Daring the Enforcement Directorate to prove any charge against him, former IPL boss Lalit Modi named three senior UPA leaders for having helped him in recent years even as he blamed media baron Rupert Murdoch for being behind the Sunday Times leak linking him to external affairs minister Sushma Swaraj.
Living outside India for several years now, Modi faces 16 Enforcement Directorate cases and has of late become a headache for the BJP-led government after the Murdoch-owned Sunday Times of London reported Swaraj helped him obtain British travel documents to fly to Portugal.
Modi told India Today channel that former Union ministers Sharad Pawar, Praful Patel (both from the Nationalist Congress Party) and Rajeev Shukla (Congress) had helped him get travel papers. All three were ministers in the previous Manmohan Singh government, and Shukla and Pawar denied the charges to India Today.
Shukla said he had never helped Modi. “I have never helped him and neither have I sought for his help,” Shukla said. Pawar said he and Praful had advised Modi to return to the country to face trial.
HT attempted to independently contact the three leaders but they could not be reached.
Modi said the Sunday Times reported about Swaraj helping his bid to obtain travel documents to travel to Portugal to be with his ailing wife because of his involvement in the Champions Twenty20 League.
Murdoch could not get out of the broadcasting rights of the loss-making tournament because of a no-exit clause in the contract, he said. “He knew I was going to tell about the no-exit clause,” he added.
“I have done nothing wrong. I have paid my dues. I have been over-criticised. I have been taken to task by government in the past it made my life miserable for no reason,” Modi told the TV channel in Montenegro.
Modi blamed the “interference” by the previous UPA government for the delay in his getting a UK residency.
The fallen IPL czar acknowledged his proximity to the Swaraj family, saying the minister’s husband Swaraj Kaushal and daughter Bansuri Swaraj have been his advocates for 20 and four years respectively. “We are close in many ways,” Modi said.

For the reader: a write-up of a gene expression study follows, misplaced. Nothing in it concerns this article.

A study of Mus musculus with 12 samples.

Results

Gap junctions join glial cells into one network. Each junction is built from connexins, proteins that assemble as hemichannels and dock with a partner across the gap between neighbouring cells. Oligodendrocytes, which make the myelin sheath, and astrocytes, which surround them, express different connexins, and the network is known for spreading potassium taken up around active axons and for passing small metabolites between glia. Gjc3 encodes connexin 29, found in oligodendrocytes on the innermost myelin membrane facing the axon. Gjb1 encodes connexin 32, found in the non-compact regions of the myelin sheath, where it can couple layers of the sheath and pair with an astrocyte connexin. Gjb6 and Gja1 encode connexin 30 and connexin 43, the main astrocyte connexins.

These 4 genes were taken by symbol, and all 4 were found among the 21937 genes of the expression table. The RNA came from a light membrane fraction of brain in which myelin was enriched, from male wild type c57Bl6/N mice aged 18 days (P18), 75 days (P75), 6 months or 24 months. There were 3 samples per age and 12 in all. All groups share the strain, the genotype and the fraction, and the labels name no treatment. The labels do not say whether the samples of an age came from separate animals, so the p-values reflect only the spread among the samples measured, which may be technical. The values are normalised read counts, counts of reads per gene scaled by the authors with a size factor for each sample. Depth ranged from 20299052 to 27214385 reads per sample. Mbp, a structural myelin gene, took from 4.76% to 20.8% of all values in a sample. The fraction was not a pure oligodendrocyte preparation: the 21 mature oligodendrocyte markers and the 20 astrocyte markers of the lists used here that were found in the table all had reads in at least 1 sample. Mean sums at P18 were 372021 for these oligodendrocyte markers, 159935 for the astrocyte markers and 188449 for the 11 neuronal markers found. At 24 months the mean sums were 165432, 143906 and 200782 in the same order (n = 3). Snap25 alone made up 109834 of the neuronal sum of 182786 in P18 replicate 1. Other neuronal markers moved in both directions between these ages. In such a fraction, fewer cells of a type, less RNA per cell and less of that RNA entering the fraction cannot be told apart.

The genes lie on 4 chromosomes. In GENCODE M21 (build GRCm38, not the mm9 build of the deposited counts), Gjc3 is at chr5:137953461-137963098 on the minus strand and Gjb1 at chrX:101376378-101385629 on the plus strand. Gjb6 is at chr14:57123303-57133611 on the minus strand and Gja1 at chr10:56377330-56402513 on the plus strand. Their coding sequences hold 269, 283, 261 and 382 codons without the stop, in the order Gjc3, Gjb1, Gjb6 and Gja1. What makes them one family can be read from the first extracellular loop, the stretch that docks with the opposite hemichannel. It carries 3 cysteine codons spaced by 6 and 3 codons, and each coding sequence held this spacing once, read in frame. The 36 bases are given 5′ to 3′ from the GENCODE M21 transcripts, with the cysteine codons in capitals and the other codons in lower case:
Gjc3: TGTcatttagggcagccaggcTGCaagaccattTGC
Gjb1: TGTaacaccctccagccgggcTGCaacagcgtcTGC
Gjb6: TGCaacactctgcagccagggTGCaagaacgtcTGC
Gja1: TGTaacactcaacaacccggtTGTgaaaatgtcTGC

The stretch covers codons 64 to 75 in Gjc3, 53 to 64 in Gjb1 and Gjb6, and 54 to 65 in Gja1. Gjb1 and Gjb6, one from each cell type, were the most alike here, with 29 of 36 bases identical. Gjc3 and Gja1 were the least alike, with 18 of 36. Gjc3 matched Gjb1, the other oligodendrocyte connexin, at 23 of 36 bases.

Modi admitted that Swaraj met him in London along with many other people but denied funding her travel to UK. He denied there was any conflict of interest in Swaraj helping him, and said, “Conflict of interest arises when government of India goes to a land breaking all legal norms.”
As the BJP found itself mired in a fresh controversy after it emerged that its leader Vasundhara Raje appeared to have been a secret witness to the 2011 UK immigration application of Modi, the former IPL boss said the Rajasthan chief minister had in 2012 accompanied his wife to Portugal.
The controversial cricket administrator also disputed claims that he was evading court and investigating agencies in India. He said he may have not appeared personally before the court of any other agency, but has done so through his advocates and written affidavits.
Accusing former finance minister P Chidambaram of pursuing political vendetta against him, Modi said the senior Congress leader could not bring him back legally so “he tried to arm-twist me through a secret correspondence with the UK authorities in which he said India’s relationship with that country would be soured if he was given any relief.”
Claiming that UK authorities have paid damages to him, Modi said Chidambaram was upset with him because he took on then union minister Shashi Tharoor. “Mr Tharoor lost his job as he lied to people that he has nothing to do with Kochi team,” he said.
Modi said he has won at multiple stages in British courts and that the same has been examined in India as well. He added he could have easily given up his Indian citizenship and acquired the passport of any other country. “But I had to prove a point legally,” he said.